6 November, 1997

6 November 97


Condition II McMurdo Station

Condition I all other locations.

REGIONAL WEATHER SUMMARY...A low pressure system over the southern Ross Sea is moving slowly north. Clouds and snow will gradually clear after midnight as the low responsible for all this weather moves east. Blowing snow will continue into Friday morning but ease off as the winds do.

TODAY..Mostly cloudy with blowing snow.

Visibility: 1/8 to 1 mile in blowing snow becoming unrestricted by noon. Wind (knots): Southeast 20 to 25 gusting to 40 becoming easterly 10 to 20 knots.

High -08C/+18F. Lowest Wind-chill -33C/-27F.

TONIGHT...Mostly cloudy.

Visibility: Unrestricted.

Wind (knots): Northeast 10 to 15.

Temperature -13C/+09F. Lowest Wind-chill -34C/-30F.

FRIDAY...artly cloudy. Blowing snow ending near midday.

Visibility: 1/2 to 2 miles becoming unrestricted by midday.

Wind (knots): Northeast 15 gusting to 25.

High -12C/+10F. Lowest Wind-chill -35C/-32F.


High: -11C. Low: -16C


Next sunrise in February, 1998

YESTERDAY'S EXTREMES: 05 November, 1997

Maximum Temperature: -08C/+18F

Minimum Temperature: -10C/+14 F

Peak Wind: 56 Knots

Lowest wind chill: -36C/-33F

This morning things still looked pretty bad making this the third day of this storm. It was supposed to have cleared up by noon but it hung around all day. All field activities at McMurdo have ground to a halt for the past 3 days and people are getting edgy. There have been no flights out of McMurdo for almost a week and many were scheduled to return home but haven't. They have been trying for 2 1/2 weeks to open up the South Pole Station but the weather there has been too cold to bring the aircraft in. So many South Pole people have been stranded in McMurdo waiting for the right conditions to occur that no more have been allowed to come. Some have been in Christchurch, New Zealand for over two weeks just waiting to come to McMurdo Station. The town is filled to capacity with scientists and workers anxious to open the field camps and relieve the staff at the South Pole. There have been no flights to the South Pole since last February and the people who have spent the winter there are more than anxious to return to their families. Last week an attempt was made but the aircraft spent almost two hours circling the pole before being called back to McMurdo.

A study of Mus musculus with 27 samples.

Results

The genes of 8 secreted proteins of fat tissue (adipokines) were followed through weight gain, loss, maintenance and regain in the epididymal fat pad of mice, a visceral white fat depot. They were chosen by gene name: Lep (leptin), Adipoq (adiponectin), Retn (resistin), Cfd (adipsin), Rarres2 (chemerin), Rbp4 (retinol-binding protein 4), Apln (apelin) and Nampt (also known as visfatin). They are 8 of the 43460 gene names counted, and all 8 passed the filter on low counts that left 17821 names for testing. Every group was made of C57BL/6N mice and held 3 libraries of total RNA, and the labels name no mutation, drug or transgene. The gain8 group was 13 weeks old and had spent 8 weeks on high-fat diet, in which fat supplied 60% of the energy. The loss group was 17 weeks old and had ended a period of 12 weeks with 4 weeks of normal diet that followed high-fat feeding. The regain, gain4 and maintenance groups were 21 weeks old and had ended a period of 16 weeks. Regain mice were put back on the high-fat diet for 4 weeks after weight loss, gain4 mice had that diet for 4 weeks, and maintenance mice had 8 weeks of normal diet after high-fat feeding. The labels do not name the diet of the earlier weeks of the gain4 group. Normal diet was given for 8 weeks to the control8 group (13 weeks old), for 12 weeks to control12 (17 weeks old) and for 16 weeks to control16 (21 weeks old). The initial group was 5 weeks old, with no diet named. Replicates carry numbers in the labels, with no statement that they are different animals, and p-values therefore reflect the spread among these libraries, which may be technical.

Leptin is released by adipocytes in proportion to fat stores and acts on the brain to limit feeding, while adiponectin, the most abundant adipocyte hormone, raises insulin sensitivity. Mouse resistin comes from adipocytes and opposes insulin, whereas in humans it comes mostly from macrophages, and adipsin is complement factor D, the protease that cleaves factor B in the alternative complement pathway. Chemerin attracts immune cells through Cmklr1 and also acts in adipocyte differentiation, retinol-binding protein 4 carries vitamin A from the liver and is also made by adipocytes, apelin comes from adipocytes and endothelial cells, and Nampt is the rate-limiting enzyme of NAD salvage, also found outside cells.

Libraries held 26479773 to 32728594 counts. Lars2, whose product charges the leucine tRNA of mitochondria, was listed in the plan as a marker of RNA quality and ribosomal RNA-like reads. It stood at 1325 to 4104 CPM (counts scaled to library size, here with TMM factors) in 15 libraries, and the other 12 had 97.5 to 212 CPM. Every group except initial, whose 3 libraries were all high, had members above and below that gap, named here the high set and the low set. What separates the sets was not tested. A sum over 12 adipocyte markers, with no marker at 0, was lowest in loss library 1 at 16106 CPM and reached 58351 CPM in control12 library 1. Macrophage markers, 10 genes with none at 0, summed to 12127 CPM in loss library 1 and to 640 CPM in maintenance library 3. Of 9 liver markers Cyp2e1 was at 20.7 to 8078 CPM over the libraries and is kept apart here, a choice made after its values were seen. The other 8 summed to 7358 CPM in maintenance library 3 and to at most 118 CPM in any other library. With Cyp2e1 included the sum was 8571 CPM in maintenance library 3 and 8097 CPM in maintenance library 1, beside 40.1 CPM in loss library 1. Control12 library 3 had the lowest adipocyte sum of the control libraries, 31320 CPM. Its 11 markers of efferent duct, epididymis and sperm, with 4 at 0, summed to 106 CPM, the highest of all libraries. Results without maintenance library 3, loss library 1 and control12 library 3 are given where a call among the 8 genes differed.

I finally was able to do some science after quite a layoff. I ran two experiments. One was a determination of the respiration rate of starfish tube feet at minus 1.4 degrees C. and the other was to determine the protein concentrations in the same samples. I therefore have both protein and respiration measurements on the same set of samples at the temperature of the water they live in. Tomorrow I hope to repeat this experiment at another temperature. If things go well I will continue to determine protein and respiration rate each day at successively higher temperatures.